Aspen Film to pay tribute to cinema pioneer Bob Rafelson
September 23, 2022
The transformative filmmaker Bob Rafelson’s storied career took him all over the globe, but his Castle Creek residence and Aspen were his home base for more than 40 years.
So it’s no wonder Aspen Film and Rafelson had a connection until he died from lung cancer July 23 at his home at age 89.
The organization will pay tribute to Rafelson with a free screening of his 1981 remake of “The Postman Always Rings Twice” at 8 p.m. Thursday, Sept. 29, at the Wheeler Opera House. The tribute is part of the 43rd annual Filmfest staged by Aspen Film.
“I wanted the screening of ‘Postman’ to be free as a way of saying thanks to all those who interacted with Bob at the local markets, restaurants, pharmacy, library and shops,” said his widow, Gabrielle Rafelson, in an email. “They are the people that made this town into a home for Bob.”
Rafelson’s remake of the 1946 “The Postman Always Rings Twice,” an adaption of James M. Cain’s 1934 hardboiled crime novel, starred Jessica Lange and Jack Nicholson, who used to live part time in Aspen. “Postman” met mixed reviews and much pearl-clutching over its steamy sex scenes with Lange and Nicholson, after its 1981 release. The film was shot in Santa Barbara, California.
“Bob was pleased with ‘Postman,’ stylistically as well as with the great performances he pulled out of Jack and Jessica,” Mrs. Rafelson said. “He worked hard on that film. At one point he sat for a 24-hour period at the spot near the gas station/restaurant in order to keep meticulous track of where the sunbeams and moonbeams would hit and at what time so he could plan the shots accordingly. I also think it toiled with themes Bob investigated in most of his films — like the complexities of love, and how dark and tender it can feel at the same moment.
“Bob did not like to watch his films again once they were finished, but I can tell you I think he would’ve thought it stood the test of time, except maybe that it was 10 minutes too long.”
Rafelson’s some 40-year relationship with Aspen Film started when he was introduced to its founder, Ellen Kohner Hunt. Their meeting “sparked a long-lasting friendship,” Mrs. Rafelson said.
“Bob was on their advisory committee for many years, and both Ellen and Laura Theilen (former executive director) consulted with him on festival issues even though he tried to keep his Hollywood persona out of Aspen,” Mrs. Rafelson said.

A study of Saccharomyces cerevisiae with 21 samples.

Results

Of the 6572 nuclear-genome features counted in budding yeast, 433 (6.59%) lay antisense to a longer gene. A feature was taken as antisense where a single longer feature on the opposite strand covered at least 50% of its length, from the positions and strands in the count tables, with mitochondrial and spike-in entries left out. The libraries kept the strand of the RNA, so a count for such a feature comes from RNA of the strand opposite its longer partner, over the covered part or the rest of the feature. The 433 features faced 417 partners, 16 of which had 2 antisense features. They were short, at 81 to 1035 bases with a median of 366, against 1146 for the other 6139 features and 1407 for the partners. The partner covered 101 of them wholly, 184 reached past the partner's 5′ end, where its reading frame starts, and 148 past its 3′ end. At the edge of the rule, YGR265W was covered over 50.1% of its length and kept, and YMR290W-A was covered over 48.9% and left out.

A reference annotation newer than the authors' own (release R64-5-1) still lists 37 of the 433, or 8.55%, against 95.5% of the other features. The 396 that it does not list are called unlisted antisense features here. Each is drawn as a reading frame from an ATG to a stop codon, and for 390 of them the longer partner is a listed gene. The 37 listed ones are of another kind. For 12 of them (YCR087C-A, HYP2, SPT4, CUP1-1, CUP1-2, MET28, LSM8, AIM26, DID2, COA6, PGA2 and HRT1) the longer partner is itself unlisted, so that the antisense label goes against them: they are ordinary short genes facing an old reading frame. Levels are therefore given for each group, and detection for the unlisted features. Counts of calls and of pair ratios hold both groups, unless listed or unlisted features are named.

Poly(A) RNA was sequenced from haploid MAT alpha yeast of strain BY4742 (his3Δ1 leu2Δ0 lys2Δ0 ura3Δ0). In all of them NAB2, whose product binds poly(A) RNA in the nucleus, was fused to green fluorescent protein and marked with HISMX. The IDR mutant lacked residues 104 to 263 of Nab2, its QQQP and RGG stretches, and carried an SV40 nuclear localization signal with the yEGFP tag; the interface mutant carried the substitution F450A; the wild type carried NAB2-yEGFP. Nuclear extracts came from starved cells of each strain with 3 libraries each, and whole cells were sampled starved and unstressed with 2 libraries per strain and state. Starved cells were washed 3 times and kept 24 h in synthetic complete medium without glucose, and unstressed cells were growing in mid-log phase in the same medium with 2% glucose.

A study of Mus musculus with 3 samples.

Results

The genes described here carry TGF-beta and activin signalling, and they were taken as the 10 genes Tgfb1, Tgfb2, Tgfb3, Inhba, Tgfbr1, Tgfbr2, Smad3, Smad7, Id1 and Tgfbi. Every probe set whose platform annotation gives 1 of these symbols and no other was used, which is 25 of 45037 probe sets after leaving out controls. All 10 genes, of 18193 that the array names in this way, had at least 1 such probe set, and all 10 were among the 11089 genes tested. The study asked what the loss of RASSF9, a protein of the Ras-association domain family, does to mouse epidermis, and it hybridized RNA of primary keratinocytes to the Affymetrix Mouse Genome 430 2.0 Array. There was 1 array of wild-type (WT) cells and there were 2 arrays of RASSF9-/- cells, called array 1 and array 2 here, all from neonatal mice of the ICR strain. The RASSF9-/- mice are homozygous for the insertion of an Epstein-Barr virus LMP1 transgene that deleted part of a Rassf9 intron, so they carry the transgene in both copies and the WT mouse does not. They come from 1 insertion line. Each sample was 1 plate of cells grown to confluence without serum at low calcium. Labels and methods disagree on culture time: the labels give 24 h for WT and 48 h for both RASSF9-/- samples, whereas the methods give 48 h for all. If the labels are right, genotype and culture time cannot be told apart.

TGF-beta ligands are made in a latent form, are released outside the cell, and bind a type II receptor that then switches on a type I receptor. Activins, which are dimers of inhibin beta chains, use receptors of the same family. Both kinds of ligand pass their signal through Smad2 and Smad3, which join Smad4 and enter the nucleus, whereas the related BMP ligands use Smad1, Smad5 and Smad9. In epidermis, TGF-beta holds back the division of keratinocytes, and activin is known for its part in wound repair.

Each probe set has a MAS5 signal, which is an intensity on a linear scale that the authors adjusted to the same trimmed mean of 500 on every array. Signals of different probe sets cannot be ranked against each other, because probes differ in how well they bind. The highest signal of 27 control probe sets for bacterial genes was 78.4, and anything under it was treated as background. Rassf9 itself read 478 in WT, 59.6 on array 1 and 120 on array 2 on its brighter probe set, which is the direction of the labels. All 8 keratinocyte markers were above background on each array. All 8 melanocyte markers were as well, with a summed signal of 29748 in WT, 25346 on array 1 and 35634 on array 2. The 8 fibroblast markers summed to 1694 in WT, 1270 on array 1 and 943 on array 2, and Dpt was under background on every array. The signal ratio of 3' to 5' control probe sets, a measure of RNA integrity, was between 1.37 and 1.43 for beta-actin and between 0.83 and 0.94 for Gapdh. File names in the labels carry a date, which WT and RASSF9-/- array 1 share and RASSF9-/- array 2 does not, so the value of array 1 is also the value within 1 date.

Aspen Film honored Rafelson with its Independent by Nature award in 1999 and a Lifetime Achievement Award in 2019, the 40-year anniversary of the nonprofit organization. Mrs. Rafelson went into labor the same evening her husband was receiving the Independent by Nature award.
“It took Aspen Film several years of convincing before Bob allowed them to honor him with their first Independent by Nature award in ’99, which happened to be the same night I went into labor with our first son, EO,” she said. “Bob’s high regard for what Aspen Film was doing and how it contributed to this community continued with Susan Wrubel’s appointment as executive director. Bob was a great proponent of independent films and felt Aspen Film helped to bring those kinds of movies here to a wider audience.”
Wrubel became was named executive director of Aspen Film in September 2017.
Rafelson’s body of work in the roles of director, screenwriter and producer, or all three at once, includes “Easy Rider” from 1969, “Five Easy Pieces” from 1970, “The Last Picture Show” from 1971 and “The King of Marvin Gardens” from 1972. He also made movies in the ’80s, ’90s and into 2002, and helped create “The Monkees” sitcom that ran for two seasons on NBC in the late 1960s. He made six movies with Nicholson, and he was considered a pioneer in the New Hollywood movement.
“Rafelson helped transform American independent cinema with his style and approach to filmmaking,” Aspen Film’s website said after his death, noting that “Bob truly exemplified Aspen Film’s ‘Independent by Nature’ motto. Keeping the Isis Theatre open in Aspen as a place to foster that spirit for this community was also very important to Bob. Bob, you and your work will never be forgotten — thank you for being such a friend to and supporter of Aspen Film and to this community. Your contributions are immeasurable.”
Rafelson also would speak up when he saw things happening in Aspen he didn’t like.
“Bob fell in love with Aspen the moment he arrived in the ’60s for the obvious reasons — he was an avid hiker, dedicated cross-country skier, and appreciated the amount of arts and culture this small town offered,” Mrs. Rafelson said. “But he was not one to sit silently, ever, if something irked him. He cared when the lights were left on in empty buildings because it distracted from the beauty of the nighttime sky. He worried about the noise and overpopulation that giant jets might bring to this valley. What pushed his buttons you ask? Actions without deep consideration to its adverse effects on the extraordinary nature of this place.”